TULSA, Oklahoma - There was a heated discussion Wednesday among the people responsible for hundreds of millions of dollars being invested in downtown Tulsa.

The topic was a new zoning option for downtown that some feel, if put in place, it could turn away future investors.

One item in the new zoning code would be to allow property owners in the central business district an option to set guidelines on exactly how they want things to look in their given area.

Wednesday, in the city hall boardroom, sat some of the biggest investors in downtown Tulsa. Together they own millions of square feet of property, and most are developing hundreds of thousands more.

Mayo Hotel owner, John Snyder, said, "We are against any more regulations and don’t want the overlay downtown."

Not only does Snyder own the Mayo Hotel, he’s currently in the process of renovating the old YMCA building just a few blocks away.

He and his business partners are against allowing property owners to set guidelines on the look of a specific area. They said the status quo works.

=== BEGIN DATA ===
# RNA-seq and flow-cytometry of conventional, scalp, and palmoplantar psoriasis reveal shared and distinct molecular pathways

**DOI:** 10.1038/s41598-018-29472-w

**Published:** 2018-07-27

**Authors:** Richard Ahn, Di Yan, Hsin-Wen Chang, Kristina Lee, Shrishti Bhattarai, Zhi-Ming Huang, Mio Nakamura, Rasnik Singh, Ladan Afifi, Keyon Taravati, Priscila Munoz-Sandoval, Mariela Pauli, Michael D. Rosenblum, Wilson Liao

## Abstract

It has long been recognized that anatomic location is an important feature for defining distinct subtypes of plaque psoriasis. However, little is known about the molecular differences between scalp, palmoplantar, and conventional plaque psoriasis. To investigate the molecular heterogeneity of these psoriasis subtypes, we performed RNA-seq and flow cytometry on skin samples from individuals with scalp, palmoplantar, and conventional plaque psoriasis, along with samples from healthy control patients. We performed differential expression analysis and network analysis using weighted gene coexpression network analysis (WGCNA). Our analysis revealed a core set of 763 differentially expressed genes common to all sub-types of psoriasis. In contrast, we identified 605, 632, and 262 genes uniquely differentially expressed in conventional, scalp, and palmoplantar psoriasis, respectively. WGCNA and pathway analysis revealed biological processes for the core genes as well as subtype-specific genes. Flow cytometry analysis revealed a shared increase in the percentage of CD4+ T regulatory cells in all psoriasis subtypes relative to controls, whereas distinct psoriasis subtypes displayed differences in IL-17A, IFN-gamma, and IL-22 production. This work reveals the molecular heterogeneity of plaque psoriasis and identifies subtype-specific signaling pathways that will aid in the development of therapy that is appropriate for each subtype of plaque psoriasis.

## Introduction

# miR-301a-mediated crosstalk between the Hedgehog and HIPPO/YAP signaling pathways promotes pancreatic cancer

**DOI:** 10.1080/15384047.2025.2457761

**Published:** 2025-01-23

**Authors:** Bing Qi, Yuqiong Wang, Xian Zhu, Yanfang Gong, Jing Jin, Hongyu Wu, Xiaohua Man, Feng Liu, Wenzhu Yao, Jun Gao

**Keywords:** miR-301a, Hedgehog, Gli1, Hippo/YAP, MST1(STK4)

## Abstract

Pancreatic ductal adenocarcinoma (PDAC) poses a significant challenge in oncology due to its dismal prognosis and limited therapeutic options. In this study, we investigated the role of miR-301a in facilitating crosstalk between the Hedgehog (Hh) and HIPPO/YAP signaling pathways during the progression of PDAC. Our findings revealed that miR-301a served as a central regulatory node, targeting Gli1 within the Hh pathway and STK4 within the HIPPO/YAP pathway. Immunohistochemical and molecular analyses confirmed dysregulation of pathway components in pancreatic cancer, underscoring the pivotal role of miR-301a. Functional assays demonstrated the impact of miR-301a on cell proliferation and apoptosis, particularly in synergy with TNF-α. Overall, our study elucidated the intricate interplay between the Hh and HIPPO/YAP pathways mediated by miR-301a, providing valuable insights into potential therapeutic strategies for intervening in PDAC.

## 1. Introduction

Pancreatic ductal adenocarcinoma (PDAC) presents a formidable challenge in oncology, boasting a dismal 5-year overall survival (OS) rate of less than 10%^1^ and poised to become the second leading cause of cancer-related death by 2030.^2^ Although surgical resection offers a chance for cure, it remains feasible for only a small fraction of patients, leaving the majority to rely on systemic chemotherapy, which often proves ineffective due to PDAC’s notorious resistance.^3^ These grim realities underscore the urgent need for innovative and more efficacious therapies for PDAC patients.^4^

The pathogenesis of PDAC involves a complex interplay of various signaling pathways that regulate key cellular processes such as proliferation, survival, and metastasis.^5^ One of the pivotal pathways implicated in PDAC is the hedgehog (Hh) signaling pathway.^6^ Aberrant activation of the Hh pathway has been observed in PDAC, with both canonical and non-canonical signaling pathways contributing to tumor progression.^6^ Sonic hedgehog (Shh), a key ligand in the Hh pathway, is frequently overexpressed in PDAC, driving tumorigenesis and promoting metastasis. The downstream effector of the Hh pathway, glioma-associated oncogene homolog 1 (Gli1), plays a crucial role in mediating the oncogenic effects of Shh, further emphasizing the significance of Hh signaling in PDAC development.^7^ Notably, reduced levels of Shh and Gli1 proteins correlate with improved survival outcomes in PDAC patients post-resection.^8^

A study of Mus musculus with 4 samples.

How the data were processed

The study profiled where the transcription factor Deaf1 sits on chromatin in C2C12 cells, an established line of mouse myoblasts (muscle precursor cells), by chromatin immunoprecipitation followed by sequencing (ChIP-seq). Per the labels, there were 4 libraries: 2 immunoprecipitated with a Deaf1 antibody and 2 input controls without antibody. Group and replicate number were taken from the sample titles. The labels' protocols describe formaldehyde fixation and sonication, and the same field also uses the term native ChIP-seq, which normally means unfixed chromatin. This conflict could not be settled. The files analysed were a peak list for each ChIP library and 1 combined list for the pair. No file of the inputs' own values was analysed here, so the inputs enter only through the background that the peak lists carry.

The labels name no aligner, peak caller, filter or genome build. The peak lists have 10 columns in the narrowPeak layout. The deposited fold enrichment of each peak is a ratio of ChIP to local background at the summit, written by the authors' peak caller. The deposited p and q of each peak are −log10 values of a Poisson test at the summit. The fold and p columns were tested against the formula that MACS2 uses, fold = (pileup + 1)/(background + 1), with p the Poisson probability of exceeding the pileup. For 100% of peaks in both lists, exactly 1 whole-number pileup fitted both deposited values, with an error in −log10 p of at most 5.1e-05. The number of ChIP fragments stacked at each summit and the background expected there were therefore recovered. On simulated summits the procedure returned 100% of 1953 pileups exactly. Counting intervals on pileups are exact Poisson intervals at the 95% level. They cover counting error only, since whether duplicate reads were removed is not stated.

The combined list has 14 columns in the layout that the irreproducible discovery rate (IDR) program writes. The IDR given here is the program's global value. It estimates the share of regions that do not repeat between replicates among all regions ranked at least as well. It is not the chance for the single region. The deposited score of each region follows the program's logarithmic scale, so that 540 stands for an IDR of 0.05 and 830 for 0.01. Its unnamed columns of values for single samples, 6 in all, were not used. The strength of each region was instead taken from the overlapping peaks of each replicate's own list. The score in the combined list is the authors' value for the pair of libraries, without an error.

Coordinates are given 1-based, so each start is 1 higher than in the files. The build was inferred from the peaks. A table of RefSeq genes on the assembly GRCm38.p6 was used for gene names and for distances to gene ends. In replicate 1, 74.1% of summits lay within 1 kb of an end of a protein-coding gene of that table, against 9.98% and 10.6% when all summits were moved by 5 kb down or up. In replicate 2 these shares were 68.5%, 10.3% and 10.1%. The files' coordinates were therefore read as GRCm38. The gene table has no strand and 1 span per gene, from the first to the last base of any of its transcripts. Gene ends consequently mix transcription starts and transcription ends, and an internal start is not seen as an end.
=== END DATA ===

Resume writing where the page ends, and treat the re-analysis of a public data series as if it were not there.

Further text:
"And a lot of it is because they own property and they can do what they want with it. I think if you put regulations on that it would deter people wanting to invest and buy property in downtown Tulsa,” Shelby Snyder said.

But to Susan Miller with INCOG, this is just an option to have in the toolbox if one given area wanted to band together and have the same color brick or all neon signs.

Business owner and city councilman Blake Ewing is all for it, saying it would actually streamline things if certain property owners wanted to do it.

"A room full of people, half full of them have spoken out against it, can’t tell me why, except that we like downtown how it is," he said.

In the end, the group voted that downtown should not have the overlay option in the new zoning code. Mayor Dewey Bartlett called it unnecessary and restrictive.

"That in itself will, in my view, chill the desire of the investment community to do all these great things that we’re seeing in Tulsa right now. It’s working extremely well," he said.

The zoning code update for the entire city of Tulsa will be voted on in the next few months.

Though some disagreed on the one option, one thing the investors and developers could agree on was that they all want what is best for downtown.